10th June, 2021
1098 Reads

The 2021 England cricket summer has so much promise.

For the first time in a year, spectators are allowed to watch Test cricket. There are Test series against New Zealand and India, a World Test Championship final, with lashings of white balls cricket for those who enjoy that sort of thing.

On paper, this should be as good a summer as the 2019 summer, which featured the ODI World Cup and a terrific Ashes series.

Unfortunately, one issue is threatening to derail the cricket – social media comments by players.

Debutant Ollie Robinson was found to have posted some tweets deemed offensive when he was 18 or 19 years old. As a result, the England Cricket Board (ECB) has suspended him from international cricket, pending the outcome of its investigation.

All manner of people have piled onto that decision, including the UK Prime Minister and his Sports and Culture Minister, Oliver Dowden. Plenty of ex-players have also had a say, as has James Anderson who, among other things, made the following comments:

“The language and things talked about (in the messages) are obviously not acceptable.

“He (Robinson) stood up in front of the group and apologised, and you could see how sincere he was and how upset he was.

“As a group, we appreciate that he’s a different person now. He has done a lot of maturing and growing since then and he’s got the full support of the team.”


These are fine words from England’s senior fast bowler – except it now seems he too has been guilty of a similar sort of messaging.

Not only has Anderson allegedly been making inappropriate comments on social forums, if media reports are correct, it also appears Josh Buttler and Eoin Morgan have as well. On top of that, the ECB is apparently investigating a racist tweet made by a current player when they were 15 years old.

Bear in mind all of these instances have come to light in the past week. It begs the obvious question: how many more England players have done something similar?

If there are five players who have posted unsuitable comments, does the ECB assume that’s it, or do they conduct an investigation of all contracted players’ social media accounts?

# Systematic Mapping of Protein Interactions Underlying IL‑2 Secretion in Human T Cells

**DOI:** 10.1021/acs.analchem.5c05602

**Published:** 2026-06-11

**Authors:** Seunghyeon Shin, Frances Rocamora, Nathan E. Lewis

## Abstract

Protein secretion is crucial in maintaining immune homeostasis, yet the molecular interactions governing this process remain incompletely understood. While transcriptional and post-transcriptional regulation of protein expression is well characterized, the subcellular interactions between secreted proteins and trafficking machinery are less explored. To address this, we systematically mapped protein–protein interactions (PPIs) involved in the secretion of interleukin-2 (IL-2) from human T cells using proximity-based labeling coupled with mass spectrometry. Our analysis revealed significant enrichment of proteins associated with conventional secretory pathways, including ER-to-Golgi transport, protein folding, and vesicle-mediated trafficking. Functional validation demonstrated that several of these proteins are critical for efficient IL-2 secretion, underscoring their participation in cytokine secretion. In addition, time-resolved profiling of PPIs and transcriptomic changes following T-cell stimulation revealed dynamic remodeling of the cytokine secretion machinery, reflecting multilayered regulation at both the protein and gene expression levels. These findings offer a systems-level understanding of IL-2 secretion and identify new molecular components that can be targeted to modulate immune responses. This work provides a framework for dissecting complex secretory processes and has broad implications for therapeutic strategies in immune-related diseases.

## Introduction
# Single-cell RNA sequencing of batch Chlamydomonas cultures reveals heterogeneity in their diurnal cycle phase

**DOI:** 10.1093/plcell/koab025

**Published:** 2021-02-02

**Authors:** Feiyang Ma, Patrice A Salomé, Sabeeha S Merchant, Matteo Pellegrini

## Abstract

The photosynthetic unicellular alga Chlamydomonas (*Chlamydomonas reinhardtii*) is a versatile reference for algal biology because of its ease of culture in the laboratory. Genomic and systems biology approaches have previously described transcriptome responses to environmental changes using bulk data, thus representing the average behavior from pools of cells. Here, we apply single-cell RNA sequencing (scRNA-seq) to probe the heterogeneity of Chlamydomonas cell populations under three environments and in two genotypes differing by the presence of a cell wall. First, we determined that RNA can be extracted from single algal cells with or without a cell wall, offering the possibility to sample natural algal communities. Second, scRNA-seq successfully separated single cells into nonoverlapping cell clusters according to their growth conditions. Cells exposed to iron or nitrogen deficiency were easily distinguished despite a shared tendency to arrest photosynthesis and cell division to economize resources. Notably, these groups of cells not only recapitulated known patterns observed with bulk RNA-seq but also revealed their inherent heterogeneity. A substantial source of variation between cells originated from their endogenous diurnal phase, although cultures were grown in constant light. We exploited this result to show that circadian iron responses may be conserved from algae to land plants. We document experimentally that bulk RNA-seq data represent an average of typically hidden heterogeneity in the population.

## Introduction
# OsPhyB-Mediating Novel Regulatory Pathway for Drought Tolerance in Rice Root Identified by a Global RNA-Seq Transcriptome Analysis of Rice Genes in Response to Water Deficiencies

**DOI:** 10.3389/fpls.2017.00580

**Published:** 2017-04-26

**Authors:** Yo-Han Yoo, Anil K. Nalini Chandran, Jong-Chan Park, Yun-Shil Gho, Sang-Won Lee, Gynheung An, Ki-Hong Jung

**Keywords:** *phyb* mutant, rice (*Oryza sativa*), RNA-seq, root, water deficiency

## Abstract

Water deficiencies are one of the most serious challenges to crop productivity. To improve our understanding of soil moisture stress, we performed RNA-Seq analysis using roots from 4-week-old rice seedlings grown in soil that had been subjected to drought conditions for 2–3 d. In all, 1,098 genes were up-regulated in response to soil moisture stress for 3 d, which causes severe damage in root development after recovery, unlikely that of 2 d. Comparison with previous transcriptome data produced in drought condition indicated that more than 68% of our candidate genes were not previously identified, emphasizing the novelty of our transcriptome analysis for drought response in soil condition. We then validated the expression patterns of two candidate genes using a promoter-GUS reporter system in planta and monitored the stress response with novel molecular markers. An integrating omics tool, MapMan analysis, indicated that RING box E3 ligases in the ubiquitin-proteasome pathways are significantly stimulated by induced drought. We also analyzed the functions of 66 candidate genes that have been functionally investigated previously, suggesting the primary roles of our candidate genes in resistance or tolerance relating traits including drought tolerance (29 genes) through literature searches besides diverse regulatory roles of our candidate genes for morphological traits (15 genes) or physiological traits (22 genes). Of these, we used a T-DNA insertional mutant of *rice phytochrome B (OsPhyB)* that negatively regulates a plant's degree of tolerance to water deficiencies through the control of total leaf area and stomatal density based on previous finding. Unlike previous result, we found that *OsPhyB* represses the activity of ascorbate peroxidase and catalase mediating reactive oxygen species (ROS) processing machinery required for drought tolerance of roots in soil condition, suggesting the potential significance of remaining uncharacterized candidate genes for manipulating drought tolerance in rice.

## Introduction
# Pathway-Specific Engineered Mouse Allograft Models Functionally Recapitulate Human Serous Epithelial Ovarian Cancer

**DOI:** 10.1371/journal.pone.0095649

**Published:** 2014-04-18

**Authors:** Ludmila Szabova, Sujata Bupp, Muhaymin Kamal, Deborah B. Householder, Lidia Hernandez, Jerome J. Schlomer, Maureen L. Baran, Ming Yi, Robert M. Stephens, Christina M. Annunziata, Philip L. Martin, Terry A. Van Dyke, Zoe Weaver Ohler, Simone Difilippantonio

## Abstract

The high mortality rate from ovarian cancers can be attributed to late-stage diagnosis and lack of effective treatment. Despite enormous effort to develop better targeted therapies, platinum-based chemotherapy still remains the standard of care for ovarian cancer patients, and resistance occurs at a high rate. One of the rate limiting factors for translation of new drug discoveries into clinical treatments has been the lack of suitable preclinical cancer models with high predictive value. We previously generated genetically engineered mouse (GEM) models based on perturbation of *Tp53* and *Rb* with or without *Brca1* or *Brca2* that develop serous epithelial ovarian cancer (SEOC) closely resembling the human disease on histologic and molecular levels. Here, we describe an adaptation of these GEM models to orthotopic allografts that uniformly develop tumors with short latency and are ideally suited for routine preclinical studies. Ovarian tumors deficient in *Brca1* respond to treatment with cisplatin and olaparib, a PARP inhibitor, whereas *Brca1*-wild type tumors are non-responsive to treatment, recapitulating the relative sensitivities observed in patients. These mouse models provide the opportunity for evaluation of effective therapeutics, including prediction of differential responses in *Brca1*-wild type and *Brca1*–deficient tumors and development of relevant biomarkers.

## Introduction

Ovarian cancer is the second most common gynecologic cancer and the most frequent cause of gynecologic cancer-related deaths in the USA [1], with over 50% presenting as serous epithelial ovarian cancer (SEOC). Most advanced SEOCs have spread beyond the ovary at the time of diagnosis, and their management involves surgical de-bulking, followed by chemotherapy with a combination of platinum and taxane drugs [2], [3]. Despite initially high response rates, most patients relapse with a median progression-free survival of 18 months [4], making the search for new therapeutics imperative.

Ollie Robinson has been suspended by the ECB, so does the Board mete out the same action to others, like Anderson, who have posted comments that are deemed offensive?


Is Jimmy Anderson’s situation far more serious, given he’s a senior member of the team, clearly knows what’s acceptable and what’s not, yet has been caught out in similar circumstances to Robinson?

Ollie Robinson of England bowls

Ollie Robinson is under fire for offensive tweets. (Photo by Shaun Botterill/Getty Images)

It would also be wrong for the rest of the world’s cricketers to feel holier than thou.

Just as other players have committed crimes similar to those which landed Steve Smith and co. in hot water back in 2018, it’s inevitable there will be similar instances of unsuitable messaging from cricketers playing for other nations. Brendon McCullum, for example, has also been linked to the sort of tweets mentioned above.

If the International Cricket Board (ICB) is fair dinkum about cleaning up this aspect of the game, what steps will they take? It would also be interesting to see what resistance they encounter from players and Boards, if they do decide to clean house.

If the ICB leaves it to each Board to take action as they see fit, which is their probable response, what happens if a Board does nothing? I don’t think too many Boards want to investigate because I think they’re afraid of what they’re likely to find out.

We all know about the sensitivities around racism and sexism and the ECB is clearly on board, given the shirts the players wore before the first Test against New Zealand.

That one inexperienced Test player has been accused of going against the standards of expected behaviour is bad enough, but to then include senior players and an England cricket captain makes this an unimaginable mess.



I have no idea how this situation is going to be resolved.

It is a huge issue that needs to be addressed but I hope it can be managed in conjunction with cricket matches and not instead of them.